Cohere launches open weights, multilingual AI model Aya 23


Available in 8B and 35B parameter variants (parameters refer to the strength of connections between artificial neurons in an AI model, with more generally denoting a more powerful and capable model). Aya 23 comes as the latest work under C4AI’s Aya initiative that aims to deliver strong multilingual capabilities.

Notably, C4AI has open sourced Aya 23’s weights. These are a type of parameter within an LLM, and are ultimately numbers within an AI model’s underlying neural network that allow it determine how to handle data inputs and what to output. By having access to them in an open release like this, third-party researchers can fine tune to the model to fit their individual needs. At the same time, it falls short of a full open source release — wherein the training data and underlying architecture would also be released. But it is still extremely permissive and flexible, on the order of Meta’s Llama models.

Aya 23 builds on the original model Aya 101 and serves 23 languages. This includes Arabic, Chinese (simplified & traditional), Czech, Dutch, English, French, German, Greek, Hebrew, Hindi, Indonesian, Italian, Japanese, Korean, Persian, Polish, Portuguese, Romanian, Russian, Spanish, Turkish, Ukrainian and Vietnamese


Breaking language barriers with Aya

While large language models (LLM) have thrived over the last few years, most of the work in the field has been English-centric.

As a result, despite being highly capable, most models tend to perform poorly outside of a handful of languages – particularly when dealing with low-resource ones.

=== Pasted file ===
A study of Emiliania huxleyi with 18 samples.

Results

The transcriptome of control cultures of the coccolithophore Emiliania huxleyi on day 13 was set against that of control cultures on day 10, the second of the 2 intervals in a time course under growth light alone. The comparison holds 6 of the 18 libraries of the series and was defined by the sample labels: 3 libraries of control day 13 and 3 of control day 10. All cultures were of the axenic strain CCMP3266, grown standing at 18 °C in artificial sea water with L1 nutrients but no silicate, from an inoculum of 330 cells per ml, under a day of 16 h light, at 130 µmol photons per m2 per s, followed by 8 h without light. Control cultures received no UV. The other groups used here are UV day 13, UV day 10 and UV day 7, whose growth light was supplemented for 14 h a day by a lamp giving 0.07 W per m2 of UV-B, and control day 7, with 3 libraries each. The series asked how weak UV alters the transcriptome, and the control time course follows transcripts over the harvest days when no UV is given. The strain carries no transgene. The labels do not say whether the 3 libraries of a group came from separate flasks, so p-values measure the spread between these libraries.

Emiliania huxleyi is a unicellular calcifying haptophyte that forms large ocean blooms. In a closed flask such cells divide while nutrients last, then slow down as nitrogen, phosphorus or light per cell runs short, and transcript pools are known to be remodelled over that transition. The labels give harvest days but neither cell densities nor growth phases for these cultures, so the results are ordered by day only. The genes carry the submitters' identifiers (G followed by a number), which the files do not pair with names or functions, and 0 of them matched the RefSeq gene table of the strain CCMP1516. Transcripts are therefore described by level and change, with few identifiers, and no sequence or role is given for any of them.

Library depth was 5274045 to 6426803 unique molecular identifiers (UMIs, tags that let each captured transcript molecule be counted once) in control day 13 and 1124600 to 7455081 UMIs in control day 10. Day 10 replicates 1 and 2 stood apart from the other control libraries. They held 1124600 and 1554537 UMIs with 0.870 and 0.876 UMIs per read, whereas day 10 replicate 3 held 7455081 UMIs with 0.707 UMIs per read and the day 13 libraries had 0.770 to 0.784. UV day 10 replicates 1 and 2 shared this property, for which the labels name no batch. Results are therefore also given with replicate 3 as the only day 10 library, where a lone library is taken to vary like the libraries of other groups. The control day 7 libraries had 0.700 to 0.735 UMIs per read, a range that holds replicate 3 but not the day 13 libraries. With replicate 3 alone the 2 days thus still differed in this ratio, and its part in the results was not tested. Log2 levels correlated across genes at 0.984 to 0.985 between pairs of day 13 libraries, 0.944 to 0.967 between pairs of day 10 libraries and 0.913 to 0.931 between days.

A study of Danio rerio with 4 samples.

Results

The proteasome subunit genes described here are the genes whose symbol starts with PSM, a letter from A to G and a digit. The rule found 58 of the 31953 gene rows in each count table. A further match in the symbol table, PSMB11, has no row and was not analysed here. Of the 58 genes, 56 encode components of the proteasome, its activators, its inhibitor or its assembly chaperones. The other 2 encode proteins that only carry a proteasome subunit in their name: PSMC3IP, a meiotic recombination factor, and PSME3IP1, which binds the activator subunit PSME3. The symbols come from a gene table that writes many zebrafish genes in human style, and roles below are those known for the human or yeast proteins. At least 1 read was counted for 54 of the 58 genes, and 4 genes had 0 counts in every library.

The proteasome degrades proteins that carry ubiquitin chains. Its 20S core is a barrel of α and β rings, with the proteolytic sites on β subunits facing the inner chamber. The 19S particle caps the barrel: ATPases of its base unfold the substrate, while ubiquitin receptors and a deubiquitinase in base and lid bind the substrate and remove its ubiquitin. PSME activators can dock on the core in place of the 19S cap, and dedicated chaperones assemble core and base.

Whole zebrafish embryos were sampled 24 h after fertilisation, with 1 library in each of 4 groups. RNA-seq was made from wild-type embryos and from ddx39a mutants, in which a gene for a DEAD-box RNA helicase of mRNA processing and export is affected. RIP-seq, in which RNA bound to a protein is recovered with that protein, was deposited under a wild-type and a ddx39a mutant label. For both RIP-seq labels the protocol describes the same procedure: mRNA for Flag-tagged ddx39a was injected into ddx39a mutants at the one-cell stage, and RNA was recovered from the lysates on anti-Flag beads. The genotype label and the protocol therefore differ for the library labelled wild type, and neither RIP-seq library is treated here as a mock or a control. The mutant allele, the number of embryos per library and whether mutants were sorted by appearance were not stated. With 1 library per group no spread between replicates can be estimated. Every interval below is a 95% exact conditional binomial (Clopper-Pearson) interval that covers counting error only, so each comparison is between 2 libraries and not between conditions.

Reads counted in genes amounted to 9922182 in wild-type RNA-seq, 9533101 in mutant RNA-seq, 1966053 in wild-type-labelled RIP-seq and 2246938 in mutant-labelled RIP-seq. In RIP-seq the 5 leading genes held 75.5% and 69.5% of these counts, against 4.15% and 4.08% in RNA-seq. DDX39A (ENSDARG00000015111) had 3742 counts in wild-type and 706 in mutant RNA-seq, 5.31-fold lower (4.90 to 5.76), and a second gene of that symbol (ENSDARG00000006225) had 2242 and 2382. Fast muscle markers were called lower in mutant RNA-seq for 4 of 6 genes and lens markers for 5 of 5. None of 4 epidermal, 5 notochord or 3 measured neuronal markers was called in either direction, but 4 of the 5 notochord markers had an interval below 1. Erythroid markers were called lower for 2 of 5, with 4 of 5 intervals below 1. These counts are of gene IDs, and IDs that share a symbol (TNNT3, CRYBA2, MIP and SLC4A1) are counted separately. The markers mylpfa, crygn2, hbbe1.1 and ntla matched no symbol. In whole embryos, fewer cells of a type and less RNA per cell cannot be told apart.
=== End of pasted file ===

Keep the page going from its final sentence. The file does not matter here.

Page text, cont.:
According to C4AI researchers, the problem was two-fold. First, there was a lack of robust multilingual pre-trained models. And secondly, there was not enough instruction-style training data covering a diverse set of languages.

To address this, the non-profit launched the Aya initiative with over 3,000 independent researchers from 119 countries. The group initially created the Aya Collection, a massive multilingual instruction-style dataset consisting of 513 million instances of prompts and completions, and then used it to develop an instruction fine-tuned LLM covering 101 languages.

The model, Aya 101, was released as an open source LLM back in February 2024, marking a significant step forward in massively multilingual language modeling with support for 101 different languages.

But it was built upon mT5, which has now become outdated in terms of knowledge and performance.

Secondly, it was designed with a focus on breath – or covering as many languages as possible. This shared the model’s capacity so widely that its performance on a given language lagged.

Now, with the release of Aya 23, Cohere for AI is moving to balance for breadth and depth. Essentially, the models, which are based on Cohere’s Command series of models and the Aya Collection, focus on allocating more capacity to fewer – 23 – languages, thereby improving generation across them. 

When evaluated, the models performed better than Aya 101 for the languages it covers as well as widely used models like Gemma, Mistral and Mixtral on an extensive range of discriminative and generative tasks.

“We note that relative to Aya 101, Aya 23 improves on discriminative tasks by up to 14%, generative tasks by up to 20%, and multilingual MMLU by up to 41.6%. Furthermore, Aya 23 achieves a 6.6x increase in multilingual mathematical reasoning compared to Aya 101. Across Aya 101, Mistral, and Gemma, we report a mix of human annotators and LLM-as-a-judge comparisons. Across all comparisons, the Aya-23-8B and Aya-23-35B are consistently preferred,” the researchers wrote in the technical paper detailing the new models.

Available for use right away

With this work, Cohere for AI has taken another step towards high-performing multilingual models.

To provide access to this research, the company has released the open weights for both the 8B and 35B models on Hugging Face under the Creative Commons attribution-noncommercial 4.0 international public license.

“By releasing the weights of the Aya 23 model family, we hope to and empower researchers and practitioners to advance multilingual models and applications,” the researchers added. Notably, users can even try out the new models on the Cohere Playground for free.